Type

2015: Curatorial, 2019: Curatorial & design

Program

Permanent collection

Location

National Design Centre,
Singapore

Client

DesignSingapore council

Timeline

06/2014 – 03/2015, (revamp) 11/2018 – 07/2019

Surface

270 sqm

Budget

Undisclosed

Partners

Pico Art International pte. ltd. (for 2015 & 2019);  Gallagher & Associates Asia pte. ltd. (for 2015 only)

Fifty Years of Singapore Design chronicles;

the development of the Singapore design scene from its early years in the 1960s.

The collection presents iconic, popular and pivotal designs that have shaped the industry, bringing together for the first time, design works gathered from the fields of Environmental Design, Fashion & Accessories, Product & Industrial Design, and Visual Communications in a fifty-year span. Along with designed objects, the showcase includes the stories that reflect the movements, trends, and values of each decade. Through the curatorial journey which included in-depth interviews and collaborations with designers, this exhibition is not merely a timeline of triumphs and milestones of Singapore’s design scene; but also a collection of personal accounts, a self-portrait of a nation’s creative sensibility and attitude set against a backdrop of changing aesthetic, and economic and socio-political climate.


Marché Public

Programme

Scénographie & signalétique

Localisation

ArtScience Museum, Singapour

Client

ArtScience Museum, Singapour

Calendrier

03/2018 – 06/2018

Surface

1,700 m2

Budget

NC

Réalisation

Pico Art International pte. ltd.

Photo Credits

Frank Pinckers

This exhibition unravels the science behind the Strandbeests’ unique locomotion

Wind Walkers: Theo Jansen’s Strandbeests presents the lifework of Dutch sculptor, Theo Jansen. Jansen has spent the last 28 years designing and building a series of wind-powered creatures called Strandbeests or ‘beach animals’. Jansen’s extraordinary creations, which he describes as “a new form of life” are a true embodiment of art, science, engineering and performance.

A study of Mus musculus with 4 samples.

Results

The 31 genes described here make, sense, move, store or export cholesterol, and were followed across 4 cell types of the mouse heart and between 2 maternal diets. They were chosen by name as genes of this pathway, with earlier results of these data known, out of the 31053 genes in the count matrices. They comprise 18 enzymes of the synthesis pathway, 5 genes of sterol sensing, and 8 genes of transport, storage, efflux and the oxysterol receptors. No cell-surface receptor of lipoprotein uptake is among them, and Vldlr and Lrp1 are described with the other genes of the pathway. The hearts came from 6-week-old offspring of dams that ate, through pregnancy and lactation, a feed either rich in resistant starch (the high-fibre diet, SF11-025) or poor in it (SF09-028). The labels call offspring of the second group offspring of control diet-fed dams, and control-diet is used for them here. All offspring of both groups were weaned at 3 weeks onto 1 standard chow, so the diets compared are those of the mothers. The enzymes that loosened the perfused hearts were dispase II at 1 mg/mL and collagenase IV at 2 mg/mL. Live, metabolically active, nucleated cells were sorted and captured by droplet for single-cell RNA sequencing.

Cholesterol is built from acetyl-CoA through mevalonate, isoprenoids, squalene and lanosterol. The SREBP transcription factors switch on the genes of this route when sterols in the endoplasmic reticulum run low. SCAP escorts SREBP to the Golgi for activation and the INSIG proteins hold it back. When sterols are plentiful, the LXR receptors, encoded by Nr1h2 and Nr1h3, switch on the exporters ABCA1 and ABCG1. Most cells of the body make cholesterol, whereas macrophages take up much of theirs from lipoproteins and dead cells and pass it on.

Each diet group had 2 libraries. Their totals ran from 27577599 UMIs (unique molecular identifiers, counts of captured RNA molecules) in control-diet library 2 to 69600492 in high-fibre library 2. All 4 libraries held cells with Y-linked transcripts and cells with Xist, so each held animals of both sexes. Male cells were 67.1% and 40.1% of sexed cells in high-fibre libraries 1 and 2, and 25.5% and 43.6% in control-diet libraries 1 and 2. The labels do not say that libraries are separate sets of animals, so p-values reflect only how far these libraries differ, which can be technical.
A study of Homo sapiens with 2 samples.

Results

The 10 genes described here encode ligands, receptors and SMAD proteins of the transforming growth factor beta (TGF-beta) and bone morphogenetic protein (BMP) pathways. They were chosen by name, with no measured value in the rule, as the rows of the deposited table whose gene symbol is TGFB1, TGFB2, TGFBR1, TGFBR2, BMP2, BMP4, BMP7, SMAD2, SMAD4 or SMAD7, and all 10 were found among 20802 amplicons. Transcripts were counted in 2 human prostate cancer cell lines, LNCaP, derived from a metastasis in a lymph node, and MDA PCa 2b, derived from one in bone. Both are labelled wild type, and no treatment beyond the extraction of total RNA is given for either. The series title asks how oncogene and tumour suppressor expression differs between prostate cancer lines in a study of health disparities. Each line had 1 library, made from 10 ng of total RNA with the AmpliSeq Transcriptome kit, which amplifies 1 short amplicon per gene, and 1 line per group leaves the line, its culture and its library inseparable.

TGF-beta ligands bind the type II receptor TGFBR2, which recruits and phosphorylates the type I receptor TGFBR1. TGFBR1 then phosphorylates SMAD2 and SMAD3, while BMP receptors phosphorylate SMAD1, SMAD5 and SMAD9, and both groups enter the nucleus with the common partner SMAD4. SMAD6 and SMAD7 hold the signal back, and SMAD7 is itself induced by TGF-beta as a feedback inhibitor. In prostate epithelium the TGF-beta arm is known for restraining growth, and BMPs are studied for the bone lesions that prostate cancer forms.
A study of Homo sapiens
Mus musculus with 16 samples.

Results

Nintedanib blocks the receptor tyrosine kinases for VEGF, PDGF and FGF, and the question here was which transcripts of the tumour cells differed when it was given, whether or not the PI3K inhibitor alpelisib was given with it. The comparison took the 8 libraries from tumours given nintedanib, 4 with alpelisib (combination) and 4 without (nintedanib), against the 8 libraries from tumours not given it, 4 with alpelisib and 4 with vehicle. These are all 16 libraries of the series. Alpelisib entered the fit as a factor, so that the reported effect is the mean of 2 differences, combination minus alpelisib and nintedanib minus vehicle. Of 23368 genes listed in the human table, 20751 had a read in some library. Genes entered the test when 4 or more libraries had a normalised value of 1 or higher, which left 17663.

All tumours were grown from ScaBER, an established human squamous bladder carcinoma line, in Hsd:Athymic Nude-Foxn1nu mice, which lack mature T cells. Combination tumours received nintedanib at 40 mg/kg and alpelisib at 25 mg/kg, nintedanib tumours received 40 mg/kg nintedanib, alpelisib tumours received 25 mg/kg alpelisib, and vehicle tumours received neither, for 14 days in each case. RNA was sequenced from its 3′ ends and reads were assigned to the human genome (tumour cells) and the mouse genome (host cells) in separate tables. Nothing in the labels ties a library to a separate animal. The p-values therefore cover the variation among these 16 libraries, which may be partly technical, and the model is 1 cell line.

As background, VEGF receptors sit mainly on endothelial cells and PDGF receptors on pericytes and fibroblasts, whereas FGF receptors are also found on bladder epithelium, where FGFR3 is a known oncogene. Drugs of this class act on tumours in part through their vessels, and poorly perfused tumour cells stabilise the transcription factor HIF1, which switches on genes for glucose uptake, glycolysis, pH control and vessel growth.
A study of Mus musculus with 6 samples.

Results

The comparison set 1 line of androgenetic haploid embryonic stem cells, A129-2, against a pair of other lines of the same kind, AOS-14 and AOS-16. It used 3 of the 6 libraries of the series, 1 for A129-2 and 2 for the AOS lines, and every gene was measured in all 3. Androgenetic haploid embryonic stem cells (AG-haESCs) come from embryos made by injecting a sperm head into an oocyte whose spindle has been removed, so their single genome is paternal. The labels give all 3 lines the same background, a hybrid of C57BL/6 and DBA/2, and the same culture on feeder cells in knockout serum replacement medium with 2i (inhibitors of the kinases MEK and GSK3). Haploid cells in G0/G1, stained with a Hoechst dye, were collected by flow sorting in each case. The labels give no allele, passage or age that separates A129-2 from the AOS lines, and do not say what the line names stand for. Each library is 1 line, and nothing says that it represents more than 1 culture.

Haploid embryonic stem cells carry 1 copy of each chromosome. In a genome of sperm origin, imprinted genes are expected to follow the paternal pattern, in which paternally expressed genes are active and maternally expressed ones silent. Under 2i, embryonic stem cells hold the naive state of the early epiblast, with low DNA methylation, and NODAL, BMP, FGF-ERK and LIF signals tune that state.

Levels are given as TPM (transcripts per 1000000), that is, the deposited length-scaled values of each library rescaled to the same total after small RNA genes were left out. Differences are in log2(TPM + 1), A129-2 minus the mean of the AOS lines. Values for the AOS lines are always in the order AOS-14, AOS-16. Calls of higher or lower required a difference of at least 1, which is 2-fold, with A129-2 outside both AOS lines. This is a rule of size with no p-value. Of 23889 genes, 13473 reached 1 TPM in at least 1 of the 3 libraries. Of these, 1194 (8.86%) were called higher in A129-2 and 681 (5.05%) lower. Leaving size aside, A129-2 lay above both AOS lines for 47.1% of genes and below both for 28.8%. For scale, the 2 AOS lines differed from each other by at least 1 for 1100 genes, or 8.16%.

Presented in four sections, this exhibition brings together 13 large-scale Strandbeests, from the most recent moving ‘animals’ to the ‘fossils’ of past beasts and a comprehensive collection of films, artist sketches and prototypes. Charting Jansen’s imaginative vision and the origins of the Strandbeests, this exhibition unravels the science behind the Strandbeests’ unique locomotion as well as the processes that have driven their evolution. It further explores how Jansen’s beach-walking creatures have dramatically advanced in form and function over the years, becoming much more than he originally intended and evolving into a new species of man-made animals.

Wind Walkers: Theo Jansen’s Strandbeests presents the lifework of Dutch sculptor, Theo Jansen.  Jansen has spent the last 28 years designing and building a series of wind-powered creatures called Strandbeests or ‘beach animals’. Jansen’s extraordinary creations, which he describes as “a new form of life” are a true embodiment of art, science, engineering and performance.

In the spirit of Leonardo da Vinci, Jansen has applied his background in both art and science to create over 30 self-propelled Strandbeests. Originally conceived as a solution to address the threat of flooding caused by rising sea levels, Jansen envisioned the wind-powered creatures roaming the beaches, pushing and piling sand on the shore to form natural barriers.

Presented in four sections, this exhibition brings together 13 large-scale Strandbeests, from the most recent moving ‘animals’ to the ‘fossils’ of past beasts and a comprehensive collection of films, artist sketches and prototypes. Charting Jansen’s imaginative vision and the origins of the Strandbeests, this exhibition unravels the science behind the Strandbeests’ unique locomotion as well as the processes that have driven their evolution. It further explores how Jansen’s beach-walking creatures have dramatically advanced in form and function over the years, becoming much more than he originally intended and evolving into a new species of man-made animals.

The exhibition concludes with a commissioned installation, Backyard Lab, by Singapore-based artist Isabelle Desjeux. Similar to Jansen, Desjeux’s work is an exploration into the process of creation using everyday objects through trial, error and experimentation.

Wind Walkers investigates how Jansen has dedicated his life to fostering the evolution of his dreams and reflects on his personal philosophy that “the walls between art and engineering exist only in our minds.”